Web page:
Private resort sweetens deal for Minturn | AspenTimes.com

Private resort sweetens deal for Minturn

Steve Lynn
Vail correspondent
Aspen, CO Colorado

MINTURN, Colo. ” David Reilly is excited that his daughter, Ginger, may get to ski on Battle Mountain for $50 each year when she’s older.

Reilly doesn’t mind that she’ll have to wait until she’s 14 to ski on her own (like she can on Vail and Beaver Creek mountains) at the private resort that Ginn Development Co. wants to build south of Minturn, a small town southwest of Vail.

“It’s just more time to spend with my child,” said Reilly, skier and Minturn resident for two years.

Minturn and Red Cliff residents may to spend more time skiing and golfing at the resort than initially planned. The Ginn Company has expanded access to its slopes and fairways by lowering the age required to ski and golf without adult supervision and increasing the number of days residents may ski there.

Eight ski lifts are planned on Battle Mountain in the Willow, Holy Cross, Rock and Kiln creek drainages. With a vertical drop of more than 2,000 feet, the ski area has as much terrain as Beaver Creek without Bachelor Gulch and Arrowhead.

Ginn will let 14 to 16 year olds ski and golf alone, as long their parents are also at the resort. Kids younger than 14 must ski with their parents. Ginn’s first plan said people less than 18 had to ski with their parents.


“It will be something that [Vail Resorts] does not offer the town of Minturn,” said Cordova, adding that Ginn should offer the passes because it’s “part of the community.”

Residents will also get to ski at least 30 days each year and golf 15 days each year, the plan says. The pass is still $50.

“$50 a year for that much skiing and golf? I could live with that,” said Matt Duckworth, a Minturn resident for four years.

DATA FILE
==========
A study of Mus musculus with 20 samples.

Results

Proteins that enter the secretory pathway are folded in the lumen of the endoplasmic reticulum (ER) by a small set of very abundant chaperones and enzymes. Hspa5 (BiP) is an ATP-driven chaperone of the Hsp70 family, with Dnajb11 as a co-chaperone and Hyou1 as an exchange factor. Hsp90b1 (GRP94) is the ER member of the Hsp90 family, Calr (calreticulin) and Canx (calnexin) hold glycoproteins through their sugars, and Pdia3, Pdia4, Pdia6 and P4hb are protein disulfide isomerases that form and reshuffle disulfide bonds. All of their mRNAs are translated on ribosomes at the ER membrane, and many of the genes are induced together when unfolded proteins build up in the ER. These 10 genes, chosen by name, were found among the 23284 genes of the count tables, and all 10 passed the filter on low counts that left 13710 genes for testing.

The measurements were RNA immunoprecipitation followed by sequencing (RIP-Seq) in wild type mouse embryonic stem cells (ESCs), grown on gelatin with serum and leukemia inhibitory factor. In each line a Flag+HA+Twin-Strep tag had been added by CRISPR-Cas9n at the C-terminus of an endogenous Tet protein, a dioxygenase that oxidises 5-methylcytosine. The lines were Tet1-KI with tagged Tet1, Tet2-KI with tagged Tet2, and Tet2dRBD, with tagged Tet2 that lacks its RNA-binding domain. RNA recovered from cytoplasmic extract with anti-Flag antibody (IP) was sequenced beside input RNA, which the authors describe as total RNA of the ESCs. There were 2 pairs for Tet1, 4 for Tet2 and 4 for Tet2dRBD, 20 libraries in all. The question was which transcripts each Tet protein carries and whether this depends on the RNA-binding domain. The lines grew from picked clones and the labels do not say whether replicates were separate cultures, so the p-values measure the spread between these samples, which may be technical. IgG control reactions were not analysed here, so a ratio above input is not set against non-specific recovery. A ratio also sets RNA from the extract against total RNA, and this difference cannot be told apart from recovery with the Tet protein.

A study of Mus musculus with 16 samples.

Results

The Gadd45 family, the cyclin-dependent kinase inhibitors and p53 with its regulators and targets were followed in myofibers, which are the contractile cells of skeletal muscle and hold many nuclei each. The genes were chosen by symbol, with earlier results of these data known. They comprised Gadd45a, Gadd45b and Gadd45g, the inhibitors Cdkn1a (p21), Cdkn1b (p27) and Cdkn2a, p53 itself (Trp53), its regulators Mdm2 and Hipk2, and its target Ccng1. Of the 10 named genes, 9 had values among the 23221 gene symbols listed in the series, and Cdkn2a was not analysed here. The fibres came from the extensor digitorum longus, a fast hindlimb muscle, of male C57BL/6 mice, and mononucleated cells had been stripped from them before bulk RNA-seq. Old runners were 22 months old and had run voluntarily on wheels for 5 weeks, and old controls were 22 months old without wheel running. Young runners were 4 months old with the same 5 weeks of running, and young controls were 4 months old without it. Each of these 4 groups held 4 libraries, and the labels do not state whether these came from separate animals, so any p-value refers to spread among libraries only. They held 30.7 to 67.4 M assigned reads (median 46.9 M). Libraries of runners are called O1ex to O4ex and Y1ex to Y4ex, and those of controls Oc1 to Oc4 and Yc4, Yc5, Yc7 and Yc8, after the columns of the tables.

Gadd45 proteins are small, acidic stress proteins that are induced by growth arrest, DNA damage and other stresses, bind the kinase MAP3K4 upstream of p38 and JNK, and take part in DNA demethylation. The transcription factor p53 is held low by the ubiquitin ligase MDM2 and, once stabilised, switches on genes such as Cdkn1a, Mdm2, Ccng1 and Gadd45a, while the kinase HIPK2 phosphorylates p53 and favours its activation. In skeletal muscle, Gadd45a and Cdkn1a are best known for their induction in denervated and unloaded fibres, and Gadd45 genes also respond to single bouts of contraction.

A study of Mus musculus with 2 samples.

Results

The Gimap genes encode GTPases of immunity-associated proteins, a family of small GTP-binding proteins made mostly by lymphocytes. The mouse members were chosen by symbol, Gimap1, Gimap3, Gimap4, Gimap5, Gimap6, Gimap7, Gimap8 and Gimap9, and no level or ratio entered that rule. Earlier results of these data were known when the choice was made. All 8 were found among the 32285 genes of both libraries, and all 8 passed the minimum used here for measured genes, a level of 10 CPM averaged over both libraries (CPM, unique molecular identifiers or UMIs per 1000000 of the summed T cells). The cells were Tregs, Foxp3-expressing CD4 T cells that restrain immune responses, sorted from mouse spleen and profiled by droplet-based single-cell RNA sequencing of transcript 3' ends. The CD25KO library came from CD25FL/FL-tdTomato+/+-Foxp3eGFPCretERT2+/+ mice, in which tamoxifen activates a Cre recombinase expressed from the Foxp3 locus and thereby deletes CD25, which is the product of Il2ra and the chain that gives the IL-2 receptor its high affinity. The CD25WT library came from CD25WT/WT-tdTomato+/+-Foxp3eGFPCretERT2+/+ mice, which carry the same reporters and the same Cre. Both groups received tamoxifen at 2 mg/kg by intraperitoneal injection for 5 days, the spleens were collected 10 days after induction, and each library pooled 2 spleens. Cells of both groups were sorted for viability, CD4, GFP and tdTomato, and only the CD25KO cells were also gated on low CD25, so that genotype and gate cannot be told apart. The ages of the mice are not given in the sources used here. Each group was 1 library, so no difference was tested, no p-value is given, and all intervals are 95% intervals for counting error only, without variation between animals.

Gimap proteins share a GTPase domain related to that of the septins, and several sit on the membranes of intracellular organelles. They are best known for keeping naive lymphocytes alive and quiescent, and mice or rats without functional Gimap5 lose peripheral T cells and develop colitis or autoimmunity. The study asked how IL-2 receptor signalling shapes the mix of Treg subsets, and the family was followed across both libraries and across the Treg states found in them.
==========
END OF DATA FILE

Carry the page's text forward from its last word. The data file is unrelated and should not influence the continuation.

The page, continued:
Duckworth may ski more often now: He said he can’t afford a pass from Vail and Beaver Creek. Residents also might get “a little more backcountry powder than we’re used to,” he said.

Reilly is OK with the number of days on the season pass.

“It’s a private resort,” Reilly said. “I think it’s a privilege to be able to use the facilities. They can dictate the rules. They don’t have to let us ski.”

A Ginn website would show what days residents could use the 1,200-acre ski resort and 18-hole golf course.

Ginn would charge greens fees similar to those at other Vail Valley golf courses but has not decided yet how much, said Cliff Thompson, director of communications for Ginn.

The ski resort and golf course would be built “two or three years” after ” and if ” Ginn’s proposal is approved, Thompson said.

Ginn did not include anything in its plan saying how long it would offer the pass for residents. “That’s one of a number of items we have to discuss with the town council,” Thompson said.

Ginn has the right to change the plan “at any time and in any manner,” the plan says.

Council members are expected to vote on whether to annex the property into the town of Minturn before the April council election. Ginn won a key endorsement from town planning commissioners in May.

Ginn wants to build a private ski resort and golf course and 1,700 homes and condominiums on and around Battle Mountain, south of Minturn.

The land Ginn owns is currently zoned by state standards, which means one home can be built for every 35 acres. Ginn wants to annex the land into Minturn and ask the town to allow it to build homes.